More employees may soon qualify for overtime. In newly proposed rules under the Fair Labor Standards Act (FLSA), the Obama Administration aims to substantially increase the minimum salary requirements for qualification as an “exempt” employee. The new limits should concern both nonprofit and for-profit employers alike, as the current salary threshold is $23,660 and the proposed rules more than double this amount. Under the proposed rules, an employee must earn at least $50,440 per year to qualify as “exempt” and therefore not be subject to otherwise mandatory overtime requirements. Exclusions may apply for certain nonprofit activity, but all employers need to understand the proposed rules’ implications and remain attentive to further developments.
Background: FLSA Employee Classification – Exempt Versus Non-Exempt
The proper classification of employees for FLSA purposes is an ongoing consideration for many nonprofits. The FLSA imposes significant requirements for non-exempt employees, including minimum hourly wage requirements, “time-and-a-half” overtime pay obligations for more than 40 hours worked per week, and recordkeeping requirements to comply with the foregoing. An employer’s misclassification of its employees as exempt can result in serious liability under the FLSA when an employer fails to properly pay overtime wages and related penalties. Under the Department of Labor’s (DOL) longstanding rules, the test for determining whether an employee is exempt is three-fold.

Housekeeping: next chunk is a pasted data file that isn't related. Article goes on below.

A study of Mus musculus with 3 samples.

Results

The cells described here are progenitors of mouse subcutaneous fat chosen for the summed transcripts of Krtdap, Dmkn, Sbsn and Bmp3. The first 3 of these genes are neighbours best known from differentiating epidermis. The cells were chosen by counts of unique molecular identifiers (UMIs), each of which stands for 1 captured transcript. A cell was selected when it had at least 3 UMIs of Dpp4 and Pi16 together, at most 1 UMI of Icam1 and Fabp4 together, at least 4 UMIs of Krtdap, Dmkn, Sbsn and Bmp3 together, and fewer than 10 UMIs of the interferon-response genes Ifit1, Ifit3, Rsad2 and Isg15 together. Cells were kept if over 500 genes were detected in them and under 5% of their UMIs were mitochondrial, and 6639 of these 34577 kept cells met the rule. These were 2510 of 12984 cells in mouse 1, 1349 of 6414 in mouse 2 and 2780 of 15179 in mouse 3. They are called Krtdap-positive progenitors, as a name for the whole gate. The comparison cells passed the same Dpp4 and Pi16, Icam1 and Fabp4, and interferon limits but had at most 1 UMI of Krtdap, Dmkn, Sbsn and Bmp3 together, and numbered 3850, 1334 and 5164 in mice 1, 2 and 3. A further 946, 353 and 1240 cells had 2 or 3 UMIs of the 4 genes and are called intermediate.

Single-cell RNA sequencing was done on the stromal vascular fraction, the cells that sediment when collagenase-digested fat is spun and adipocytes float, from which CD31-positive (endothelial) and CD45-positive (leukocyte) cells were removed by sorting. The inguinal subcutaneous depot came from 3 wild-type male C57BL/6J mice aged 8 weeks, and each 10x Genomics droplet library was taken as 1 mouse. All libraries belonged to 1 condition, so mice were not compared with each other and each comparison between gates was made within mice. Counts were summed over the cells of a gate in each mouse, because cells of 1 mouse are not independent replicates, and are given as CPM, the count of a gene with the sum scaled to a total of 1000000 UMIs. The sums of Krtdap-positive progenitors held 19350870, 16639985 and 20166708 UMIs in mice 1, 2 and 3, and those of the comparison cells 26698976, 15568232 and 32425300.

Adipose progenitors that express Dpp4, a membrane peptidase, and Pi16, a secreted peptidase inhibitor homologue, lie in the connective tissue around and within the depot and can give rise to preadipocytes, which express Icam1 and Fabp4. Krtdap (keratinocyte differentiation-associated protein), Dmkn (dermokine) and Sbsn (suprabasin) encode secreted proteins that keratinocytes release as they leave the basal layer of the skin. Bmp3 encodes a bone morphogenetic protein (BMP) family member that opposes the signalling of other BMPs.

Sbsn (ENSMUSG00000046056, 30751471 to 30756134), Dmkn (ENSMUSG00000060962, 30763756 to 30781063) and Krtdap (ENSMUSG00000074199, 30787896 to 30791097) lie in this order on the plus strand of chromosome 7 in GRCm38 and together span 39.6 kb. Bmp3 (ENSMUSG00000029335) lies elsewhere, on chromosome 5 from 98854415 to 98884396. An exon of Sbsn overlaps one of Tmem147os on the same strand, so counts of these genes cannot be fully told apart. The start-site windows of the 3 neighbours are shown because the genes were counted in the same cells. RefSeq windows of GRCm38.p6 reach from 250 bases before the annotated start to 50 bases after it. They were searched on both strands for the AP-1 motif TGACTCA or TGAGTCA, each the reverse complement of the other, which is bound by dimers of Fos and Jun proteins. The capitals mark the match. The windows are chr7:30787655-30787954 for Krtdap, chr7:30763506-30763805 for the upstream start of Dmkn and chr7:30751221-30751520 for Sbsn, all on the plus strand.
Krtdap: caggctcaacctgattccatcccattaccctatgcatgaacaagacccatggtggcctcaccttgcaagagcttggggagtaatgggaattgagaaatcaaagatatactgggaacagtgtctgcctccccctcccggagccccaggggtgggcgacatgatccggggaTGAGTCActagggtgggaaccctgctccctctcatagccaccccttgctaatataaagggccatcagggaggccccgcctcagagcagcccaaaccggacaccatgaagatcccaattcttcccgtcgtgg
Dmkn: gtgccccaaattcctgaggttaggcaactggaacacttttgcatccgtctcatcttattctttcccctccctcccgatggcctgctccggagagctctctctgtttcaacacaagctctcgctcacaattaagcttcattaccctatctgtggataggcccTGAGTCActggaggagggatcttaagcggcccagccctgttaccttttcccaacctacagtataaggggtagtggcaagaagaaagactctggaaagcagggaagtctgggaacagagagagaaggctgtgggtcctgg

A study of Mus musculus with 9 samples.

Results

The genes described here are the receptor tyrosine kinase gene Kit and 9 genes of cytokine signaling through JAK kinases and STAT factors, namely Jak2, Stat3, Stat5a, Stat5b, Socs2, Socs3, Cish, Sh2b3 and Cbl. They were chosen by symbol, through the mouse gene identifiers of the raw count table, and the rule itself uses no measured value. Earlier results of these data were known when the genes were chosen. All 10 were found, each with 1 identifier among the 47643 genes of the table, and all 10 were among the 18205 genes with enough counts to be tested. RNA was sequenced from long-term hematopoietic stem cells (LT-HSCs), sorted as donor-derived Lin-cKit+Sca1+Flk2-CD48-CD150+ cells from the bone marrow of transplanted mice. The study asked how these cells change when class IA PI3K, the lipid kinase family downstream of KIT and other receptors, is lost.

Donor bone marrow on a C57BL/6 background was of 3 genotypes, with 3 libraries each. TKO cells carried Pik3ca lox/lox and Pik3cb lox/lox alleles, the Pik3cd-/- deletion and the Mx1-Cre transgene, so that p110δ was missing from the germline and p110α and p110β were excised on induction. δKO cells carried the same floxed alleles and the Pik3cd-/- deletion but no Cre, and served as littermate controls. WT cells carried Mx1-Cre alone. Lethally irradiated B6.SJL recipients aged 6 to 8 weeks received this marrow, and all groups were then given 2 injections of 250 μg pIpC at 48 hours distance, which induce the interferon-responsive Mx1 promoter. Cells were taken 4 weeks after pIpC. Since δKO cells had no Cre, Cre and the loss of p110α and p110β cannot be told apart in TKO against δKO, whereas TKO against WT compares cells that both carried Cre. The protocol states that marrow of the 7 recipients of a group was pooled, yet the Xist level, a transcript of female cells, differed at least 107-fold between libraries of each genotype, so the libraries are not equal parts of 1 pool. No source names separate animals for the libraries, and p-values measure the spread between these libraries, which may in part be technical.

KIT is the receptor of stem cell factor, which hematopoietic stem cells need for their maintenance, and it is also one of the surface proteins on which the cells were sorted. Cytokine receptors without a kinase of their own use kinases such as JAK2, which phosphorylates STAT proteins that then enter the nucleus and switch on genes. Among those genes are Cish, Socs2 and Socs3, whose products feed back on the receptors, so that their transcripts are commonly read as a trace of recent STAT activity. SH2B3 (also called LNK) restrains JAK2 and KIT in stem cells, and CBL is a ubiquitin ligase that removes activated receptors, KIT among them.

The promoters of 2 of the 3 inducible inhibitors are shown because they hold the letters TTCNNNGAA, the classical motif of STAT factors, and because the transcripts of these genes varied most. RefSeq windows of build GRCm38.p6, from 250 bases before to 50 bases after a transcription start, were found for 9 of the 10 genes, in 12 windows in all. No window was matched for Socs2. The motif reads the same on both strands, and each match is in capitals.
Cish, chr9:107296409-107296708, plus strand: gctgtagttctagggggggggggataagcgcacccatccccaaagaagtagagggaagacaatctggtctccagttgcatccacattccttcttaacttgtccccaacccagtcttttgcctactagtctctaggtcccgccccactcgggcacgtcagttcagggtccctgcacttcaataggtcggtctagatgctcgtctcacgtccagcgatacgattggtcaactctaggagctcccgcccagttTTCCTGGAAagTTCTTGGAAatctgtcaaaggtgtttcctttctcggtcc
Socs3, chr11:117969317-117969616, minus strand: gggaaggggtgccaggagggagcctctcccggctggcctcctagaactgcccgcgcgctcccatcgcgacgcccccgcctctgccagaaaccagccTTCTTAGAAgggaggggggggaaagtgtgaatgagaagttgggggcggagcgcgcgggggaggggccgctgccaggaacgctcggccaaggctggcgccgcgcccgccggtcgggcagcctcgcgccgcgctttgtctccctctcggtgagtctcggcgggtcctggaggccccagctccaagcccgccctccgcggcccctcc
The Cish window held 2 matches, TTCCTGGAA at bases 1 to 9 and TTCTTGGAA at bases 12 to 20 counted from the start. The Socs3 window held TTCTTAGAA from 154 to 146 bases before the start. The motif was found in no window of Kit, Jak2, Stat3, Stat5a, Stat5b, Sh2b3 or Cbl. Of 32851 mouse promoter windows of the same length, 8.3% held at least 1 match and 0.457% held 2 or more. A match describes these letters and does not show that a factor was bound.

First, an exempt employee must perform a specific type of work. Exempt employees include only executives, administrators, professionals, and certain computer or outside sales employees. However, title alone does not classify the worker as exempt; the DOL maintains guidelines for exempt classification under each of these types of work. While factors differ for each, the guidelines generally focus on the employee’s primary duty.
Second, an exempt employee must be salaried. Workers paid by the hour are generally treated as non-exempt. An exception occurs only if an employee is highly compensated – that is, receiving compensation of over $100,000 per year when considering certain bonuses and other compensation, with at least $455 per week of this compensation being salary or fees. In that case, the type of work and salary requirements do not apply.